John F. Adams

The arrangement for winter plants here described is the result of much planning to obtain considerable more room for plants than could be spared conveniently inside the room to which it. was fitted. As will be seen from Fig. 1, it is much like a small bay-window, and is attached to the outside of the house, thus affording room for quite a large stock of plants without infringing upon the interior of the house. It is located against a window on the sunny side of the house, the sash of which is removed, care being tak-

A Window Conservatory 54

Fig. 1.

en to prevent the window cords from running through the pulleys by tying knots in them. In the more northerly and colder states it will be advisable to fit curtains, which are lowered on extremely cold nights, and in addition, a small lamp may be used for heating. During much of the time, however, the heat from the adjacent room will be quite sufficient for most kinds of plants.

It will hardly be possible to give exact dimensions, owing to the great variation in the sizes of the windows to which such a frame can be fitted. The first requirement is to make a dimensioned drawing of the window to be used; then purchase one full-size and two half-size outside windows, the larger one having a sliding pane, which may be opened for ventilation whenever the weather is mild.

A framework is then made of 2 x 3 in. planed spruce, as shown in Fig. 2. The ends are first made with halved joints for the front cross pieces. In the ends of the vertical pieces tenons are cut as in Fig. 3. It will be noted that the outer end edges of the vertical pieces are bevelled to the angle formed by the side. The windows fit snugly between the various pieces of the frame, the front edge of which is from 12 to 15 in. from the rear edge against the side

A Window Conservatory 55

Fig 2. of the house, varying according to the size of the windows used. The ends of the cross pieces connecting the ends are halved, as before mentioned, and attached with strong wood screws.

The under side may be covered with matched sheathing, planed both sides, or splayed as shown in Fig. 1. In the former case the work is done before the frame is attached to the house; but if splayed the work must be done in place to secure accurate fit and tight joints which is also true of the top. That part of the frame of the top, and also of the bottom, if splayed, which is attached to the rear cross piece must also be cut out and fastened in place. The height in the clear is about 6 in. and length about one-third that of the width of the window.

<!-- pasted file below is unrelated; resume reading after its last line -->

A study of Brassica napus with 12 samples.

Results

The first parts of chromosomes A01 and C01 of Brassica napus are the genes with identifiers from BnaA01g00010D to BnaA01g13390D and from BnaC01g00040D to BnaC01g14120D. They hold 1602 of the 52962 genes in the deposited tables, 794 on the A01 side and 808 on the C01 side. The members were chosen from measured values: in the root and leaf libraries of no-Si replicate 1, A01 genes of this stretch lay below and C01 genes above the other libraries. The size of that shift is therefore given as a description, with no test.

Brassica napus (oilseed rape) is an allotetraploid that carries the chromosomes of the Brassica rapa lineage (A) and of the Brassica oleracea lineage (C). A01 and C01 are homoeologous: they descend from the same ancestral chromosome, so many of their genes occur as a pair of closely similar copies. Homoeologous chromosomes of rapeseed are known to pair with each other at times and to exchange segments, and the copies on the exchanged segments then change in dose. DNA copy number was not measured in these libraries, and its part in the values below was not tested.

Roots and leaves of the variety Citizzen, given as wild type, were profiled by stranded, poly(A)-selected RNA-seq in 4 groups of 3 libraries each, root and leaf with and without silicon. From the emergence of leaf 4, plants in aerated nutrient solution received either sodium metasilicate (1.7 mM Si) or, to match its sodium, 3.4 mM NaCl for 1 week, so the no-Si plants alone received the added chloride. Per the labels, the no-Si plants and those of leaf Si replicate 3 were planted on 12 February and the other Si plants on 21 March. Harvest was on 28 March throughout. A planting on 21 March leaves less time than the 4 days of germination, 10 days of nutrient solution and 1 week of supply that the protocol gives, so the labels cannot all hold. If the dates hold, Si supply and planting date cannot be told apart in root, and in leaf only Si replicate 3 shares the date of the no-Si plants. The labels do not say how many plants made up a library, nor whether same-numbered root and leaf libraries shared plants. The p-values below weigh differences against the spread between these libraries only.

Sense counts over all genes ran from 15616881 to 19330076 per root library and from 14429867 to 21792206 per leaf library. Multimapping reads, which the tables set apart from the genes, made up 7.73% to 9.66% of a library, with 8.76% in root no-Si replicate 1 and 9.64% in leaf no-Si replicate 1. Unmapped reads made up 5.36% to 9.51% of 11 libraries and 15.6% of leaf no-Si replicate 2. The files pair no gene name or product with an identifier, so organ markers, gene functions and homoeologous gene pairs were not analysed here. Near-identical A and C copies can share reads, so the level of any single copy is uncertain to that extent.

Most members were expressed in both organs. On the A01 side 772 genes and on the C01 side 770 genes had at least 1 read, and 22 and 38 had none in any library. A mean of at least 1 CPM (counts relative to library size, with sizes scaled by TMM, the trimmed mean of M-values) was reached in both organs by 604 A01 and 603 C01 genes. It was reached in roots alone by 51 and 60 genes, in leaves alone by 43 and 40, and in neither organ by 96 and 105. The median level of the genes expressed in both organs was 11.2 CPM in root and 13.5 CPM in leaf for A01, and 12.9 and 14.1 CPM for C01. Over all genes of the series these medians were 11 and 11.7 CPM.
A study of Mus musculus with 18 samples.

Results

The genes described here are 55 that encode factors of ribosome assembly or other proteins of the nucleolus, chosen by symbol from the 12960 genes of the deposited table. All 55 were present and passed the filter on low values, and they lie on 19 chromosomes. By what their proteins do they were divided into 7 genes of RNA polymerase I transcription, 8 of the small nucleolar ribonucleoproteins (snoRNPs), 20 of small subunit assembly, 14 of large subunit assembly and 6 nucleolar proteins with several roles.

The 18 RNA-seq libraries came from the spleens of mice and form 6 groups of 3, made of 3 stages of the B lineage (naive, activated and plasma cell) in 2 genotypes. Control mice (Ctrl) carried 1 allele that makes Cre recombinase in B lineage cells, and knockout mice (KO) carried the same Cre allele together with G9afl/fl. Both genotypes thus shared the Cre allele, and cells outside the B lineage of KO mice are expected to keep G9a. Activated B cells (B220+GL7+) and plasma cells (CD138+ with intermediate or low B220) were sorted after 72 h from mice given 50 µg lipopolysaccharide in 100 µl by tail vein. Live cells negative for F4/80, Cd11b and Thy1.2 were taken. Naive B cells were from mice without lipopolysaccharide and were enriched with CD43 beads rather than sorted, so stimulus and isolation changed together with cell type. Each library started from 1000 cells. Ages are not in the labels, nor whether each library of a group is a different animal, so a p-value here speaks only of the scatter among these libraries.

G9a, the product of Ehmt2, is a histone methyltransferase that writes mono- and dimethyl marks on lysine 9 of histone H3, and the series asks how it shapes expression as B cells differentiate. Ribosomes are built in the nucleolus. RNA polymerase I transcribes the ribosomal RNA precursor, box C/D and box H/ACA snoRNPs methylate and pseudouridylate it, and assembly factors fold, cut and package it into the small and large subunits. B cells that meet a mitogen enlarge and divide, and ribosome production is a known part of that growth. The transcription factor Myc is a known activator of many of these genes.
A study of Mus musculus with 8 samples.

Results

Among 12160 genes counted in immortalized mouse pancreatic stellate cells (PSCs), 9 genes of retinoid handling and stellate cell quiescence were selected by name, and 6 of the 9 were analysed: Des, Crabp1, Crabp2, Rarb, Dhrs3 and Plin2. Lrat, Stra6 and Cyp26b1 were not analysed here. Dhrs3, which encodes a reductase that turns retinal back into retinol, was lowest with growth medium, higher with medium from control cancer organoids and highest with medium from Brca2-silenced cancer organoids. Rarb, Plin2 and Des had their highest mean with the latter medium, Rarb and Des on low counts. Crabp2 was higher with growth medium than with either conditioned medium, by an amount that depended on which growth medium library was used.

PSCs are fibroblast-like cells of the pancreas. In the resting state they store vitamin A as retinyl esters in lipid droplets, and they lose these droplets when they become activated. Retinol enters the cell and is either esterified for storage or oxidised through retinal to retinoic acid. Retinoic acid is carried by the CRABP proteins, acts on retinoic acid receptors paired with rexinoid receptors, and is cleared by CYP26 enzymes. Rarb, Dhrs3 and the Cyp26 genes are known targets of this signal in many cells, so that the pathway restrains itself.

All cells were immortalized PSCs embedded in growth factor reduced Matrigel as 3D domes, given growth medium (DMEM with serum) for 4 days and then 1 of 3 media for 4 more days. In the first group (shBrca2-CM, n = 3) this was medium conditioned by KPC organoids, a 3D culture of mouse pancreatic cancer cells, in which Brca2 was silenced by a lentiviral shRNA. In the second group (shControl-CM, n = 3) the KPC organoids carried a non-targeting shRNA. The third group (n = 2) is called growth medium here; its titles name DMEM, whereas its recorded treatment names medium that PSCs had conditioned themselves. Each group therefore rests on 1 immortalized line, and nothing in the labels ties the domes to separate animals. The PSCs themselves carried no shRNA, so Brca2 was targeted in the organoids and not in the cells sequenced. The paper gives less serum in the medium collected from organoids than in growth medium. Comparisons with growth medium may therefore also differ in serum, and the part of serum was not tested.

The frame is then firmly attached to the side of the house, using small angle irons for the purpose and screws long enough to reach through the clapboards into the siding. The weight of the window, when loaded with plants, is considerable, and ample strength should be secured by using plenty of angle irons.

The roof, of matched sheathing, is then added, the lengths of board being sufficient to give an overhang of about 3 in. A smooth surface is desirable, as roofing paper is to be used for the final covering. This can be obtained of any hardware dealer, together with directions for laying. The chief difficulty will be to secure a tight fit between the boards at the rear edge and the clapboards on the house, and in addition to accurate marking, considerable " cut and try" work will be needed. After the roof is covered with the roofing paper, a strip of electrician's tape can be used to cover the joint with the house, which will prevent rain or melting snow from enteri»g.

The frame is then completed by putting on strips 3 or 4 in. wide, on the outside forming a casing much like the outside of any window. It should lap over the edges of the timber frame work about 1/2 in. The joints at the corners will have to be bevelled, and it will be advisable to halve the joints between the vertical and cross pieces. Tight joints are absolutely necessary to exclude both cold and rain.

The windows may now be put in, fastening with a few screws, or strips of wood may be fastened to the wood frame with screws, this method being preferable, as it makes an additional break to the joint. If the joints are not then tight enough to keep out the cold, run electricians tape around all the joints, which will completely close them; in fact, it is desirable to do this as some of the joints are liable to open up during a winter.

Curtains are next to be fitted and then the shelves, either three or four in number, according to the size of the plants to be grown. The shelves, 6 or 7 inches wide, are put up on brackets or large angle irons. By cutting the ends where they join to an angle, a screw can be put through the bracket into the ends of each shelf.

It will also be found desirable, in place of flower pots to use wooden boxes about 6 or 7 Inches wide and deep, and filled three-quarters full of rich loam. The boxes at the large window reach clear across; those at the ends having one end cut to a mitre to fit without loss of room. These boxes are most attractive when painted green. On the top shelf, the plants are best handled if in pots, as it is not convenient to handle boxes so high.

Nothing has been said about painting, this, of course, being determined by that on the house. A priming coat of lead paint is necessary before putting on the last coat. A pleasing selection of colors is to paint the windows to match those on the house, and the woodwork to match the trimmings.